Japan has a drug problem. Everywhere you look — from the creepy, teen-host-club pop of Sexy Zone to the soft-rock balladry of Ikimono Gakari — children are being exposed to music that has been made with no obvious influence from drugs whatsoever.
The music industry clearly likes it this way. The recent arrest of Aska from Chage and Aska, who pop fans might remember from history class at school, was followed as these things always are by the swift removal of all his records from CD shops, and by the immediate leap of the duo’s hit “Say Yeah” to the top of the iTunes chart.
Aska, whose real name is Shigeaki Miyazaki, was allegedly found in possession of MDMA. However, the majority of drug arrests in Japan are still for methamphetamines. Japan has a long history with meth; the drug was invented by Japanese chemist Nagayoshi Nagai in 1893. It was used during the war by servicemen, factory workers who needed to remain alert through long shifts and by citizens to stave off hunger. It stuck around during postwar reconstruction under the brand name Philopon.
Amphetamines were implicated in the 2009 arrest of former pop star Noriko Sakai, but apart from the question of what links drugs and 1980s pop singers from Fukuoka, what do these incidents really tell us?
One argument in favor of looser attitudes toward narcotics was memorably articulated by U.S. comedian Bill Hicks when he said, “If you don’t believe drugs have done good things for us, do me a favor: Go home tonight, take all your albums, all your tapes and all your CDs — and burn them.”
But the music of Aska or Sakai doesn’t reveal a burning creative talent unleashed by the mind-expanding qualities of drugs. The 1999 arrest of songwriter Noriyuki Makihara (amphetamines again) is more interesting, though, because while his music is just as dreary as anything else on the charts (he wrote SMAP’s insipid megahit “Sekai ni Hitotsu Dake no Hana” [“The Only Flower in the World”]), the arrest cast new light on the fairy-tale lyrics to his song “Hungry Spider.”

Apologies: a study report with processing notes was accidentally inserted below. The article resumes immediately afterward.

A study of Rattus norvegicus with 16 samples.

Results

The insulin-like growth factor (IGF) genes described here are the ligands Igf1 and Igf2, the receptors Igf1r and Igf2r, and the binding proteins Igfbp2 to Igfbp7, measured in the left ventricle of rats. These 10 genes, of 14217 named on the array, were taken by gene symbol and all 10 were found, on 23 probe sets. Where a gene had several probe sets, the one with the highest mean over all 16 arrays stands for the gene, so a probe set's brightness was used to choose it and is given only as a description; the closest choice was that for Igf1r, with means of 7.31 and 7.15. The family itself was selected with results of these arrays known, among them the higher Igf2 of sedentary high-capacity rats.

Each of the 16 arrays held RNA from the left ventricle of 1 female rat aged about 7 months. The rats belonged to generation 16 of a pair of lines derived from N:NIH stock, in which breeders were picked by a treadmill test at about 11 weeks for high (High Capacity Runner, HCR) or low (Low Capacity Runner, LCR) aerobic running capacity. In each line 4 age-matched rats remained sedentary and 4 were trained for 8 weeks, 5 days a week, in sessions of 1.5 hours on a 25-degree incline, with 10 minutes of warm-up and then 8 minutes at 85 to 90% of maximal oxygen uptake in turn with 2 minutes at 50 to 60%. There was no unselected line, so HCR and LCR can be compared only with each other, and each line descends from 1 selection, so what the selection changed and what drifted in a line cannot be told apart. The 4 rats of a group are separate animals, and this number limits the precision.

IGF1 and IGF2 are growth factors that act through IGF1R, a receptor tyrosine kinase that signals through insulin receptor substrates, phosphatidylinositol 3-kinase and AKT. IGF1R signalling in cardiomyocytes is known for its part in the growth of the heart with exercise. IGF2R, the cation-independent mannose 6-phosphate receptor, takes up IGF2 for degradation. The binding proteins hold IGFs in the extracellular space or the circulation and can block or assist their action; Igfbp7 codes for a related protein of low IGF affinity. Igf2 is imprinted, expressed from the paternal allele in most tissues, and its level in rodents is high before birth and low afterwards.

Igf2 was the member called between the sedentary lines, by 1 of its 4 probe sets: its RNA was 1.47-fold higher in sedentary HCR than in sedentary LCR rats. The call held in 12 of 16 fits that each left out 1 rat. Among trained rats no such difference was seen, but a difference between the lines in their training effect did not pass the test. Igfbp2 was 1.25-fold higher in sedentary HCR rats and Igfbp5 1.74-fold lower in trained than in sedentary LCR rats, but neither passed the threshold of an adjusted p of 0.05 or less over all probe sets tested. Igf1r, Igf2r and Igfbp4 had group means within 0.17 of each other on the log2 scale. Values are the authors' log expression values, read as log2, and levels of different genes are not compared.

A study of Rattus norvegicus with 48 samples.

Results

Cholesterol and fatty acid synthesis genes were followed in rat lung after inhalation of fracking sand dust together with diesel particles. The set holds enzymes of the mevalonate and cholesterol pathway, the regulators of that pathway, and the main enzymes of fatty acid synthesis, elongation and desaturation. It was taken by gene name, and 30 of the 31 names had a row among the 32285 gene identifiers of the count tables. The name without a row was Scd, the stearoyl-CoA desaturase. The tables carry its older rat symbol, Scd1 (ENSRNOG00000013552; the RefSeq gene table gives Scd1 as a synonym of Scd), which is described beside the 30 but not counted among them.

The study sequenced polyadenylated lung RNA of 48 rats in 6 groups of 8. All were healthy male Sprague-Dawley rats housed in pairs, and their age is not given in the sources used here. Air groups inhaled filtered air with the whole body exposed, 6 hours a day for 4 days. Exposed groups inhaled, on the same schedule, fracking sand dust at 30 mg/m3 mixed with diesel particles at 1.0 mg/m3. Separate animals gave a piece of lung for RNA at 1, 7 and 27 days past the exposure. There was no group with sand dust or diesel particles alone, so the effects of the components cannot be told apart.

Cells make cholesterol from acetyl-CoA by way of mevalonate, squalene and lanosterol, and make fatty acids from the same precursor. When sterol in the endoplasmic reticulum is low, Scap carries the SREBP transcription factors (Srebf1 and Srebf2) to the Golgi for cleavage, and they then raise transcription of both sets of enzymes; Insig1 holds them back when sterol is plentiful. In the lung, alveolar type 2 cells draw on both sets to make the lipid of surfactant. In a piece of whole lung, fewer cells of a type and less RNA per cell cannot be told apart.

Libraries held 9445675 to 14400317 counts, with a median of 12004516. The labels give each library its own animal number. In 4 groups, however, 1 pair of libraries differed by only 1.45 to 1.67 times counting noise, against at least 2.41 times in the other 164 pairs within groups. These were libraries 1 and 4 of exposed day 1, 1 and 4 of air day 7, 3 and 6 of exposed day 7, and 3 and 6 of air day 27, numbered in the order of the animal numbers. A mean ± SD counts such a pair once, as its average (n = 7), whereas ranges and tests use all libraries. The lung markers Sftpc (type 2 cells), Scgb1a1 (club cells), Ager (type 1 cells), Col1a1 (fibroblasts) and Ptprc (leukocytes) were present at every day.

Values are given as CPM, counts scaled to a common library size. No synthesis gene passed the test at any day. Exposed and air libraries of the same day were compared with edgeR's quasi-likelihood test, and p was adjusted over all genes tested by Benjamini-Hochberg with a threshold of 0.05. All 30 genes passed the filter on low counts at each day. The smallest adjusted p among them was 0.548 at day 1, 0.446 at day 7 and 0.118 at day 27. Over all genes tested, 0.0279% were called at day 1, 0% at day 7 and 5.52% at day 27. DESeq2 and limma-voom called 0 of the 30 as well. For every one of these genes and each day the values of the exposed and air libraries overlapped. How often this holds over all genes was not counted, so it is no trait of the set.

Fairy-tale imagery holds an honorable place in the annals of psychedelic-rock history, of course, particularly in the 1960s subgenre known as “toytown psychedelia” of which bands such as Kaleidoscope and The Idle Race were prominent purveyors.
But Makihara’s “Hungry Spider” is no Pink Floyd’s “See Emily Play,” and were it not for Makihara’s subsequent arrest, the track wouldn’t have stood out in any way from numerous other late ’90s Japanese middle-of-the-road pop hits.
The 2009 arrest of Shigeru Suzuki of Happy End for possession of marijuana is perhaps the only high-profile drugs case in Japan where you might stroke your chin and say, “Oh yeah, that makes sense. . .” Happy End’s folk-inflected rock and Suzuki’s languid guitar at least sounds right in the context of a marijuana bust. Then again, Happy End’s last album was released more than 40 years ago.
The musical influence of drugs often comes down to the circumstances of the music’s creation or consumption. The Beatles’ dosed up on Preludin in order to get through their daunting Hamburg gig schedules. LSD might be a great drug for a weekend outdoor festival or for recording an album over the course of several months, but 12-hour acid trips tend to eat up your time (and recording budget). Ecstasy is associated with communal club experiences and has had a big influence on dance music. Marijuana’s disinhibiting effect on creativity can result in a freer flow of ideas for musicians or a heightened consciousness of different sounds for listeners.
On the other hand, most pop music in Japan is made for TV commercials so the industrial process by which music for mainstream consumption is made is simply not set up to handle the kind of music that could act as a vehicle for any drug-related influence. A “hit” typically begins with an ad agency choosing a singer as the vehicle for its new product. Next, potential songwriters receive an email with a list of YouTube links, which basically amounts to saying, “copy this.” They send in their songs and, if it gets chosen, a producer adds the singer’s voice and polishes the edges off. There’s little room to follow your muse — chemical or otherwise.
The result is that while Japan’s strict drug laws and hyperventilating official reaction to scandals such as Aska’s can seem over-the-top, any of the positive effects that drugs might have exerted on music were effectively crushed by far more mundane forces a long time ago.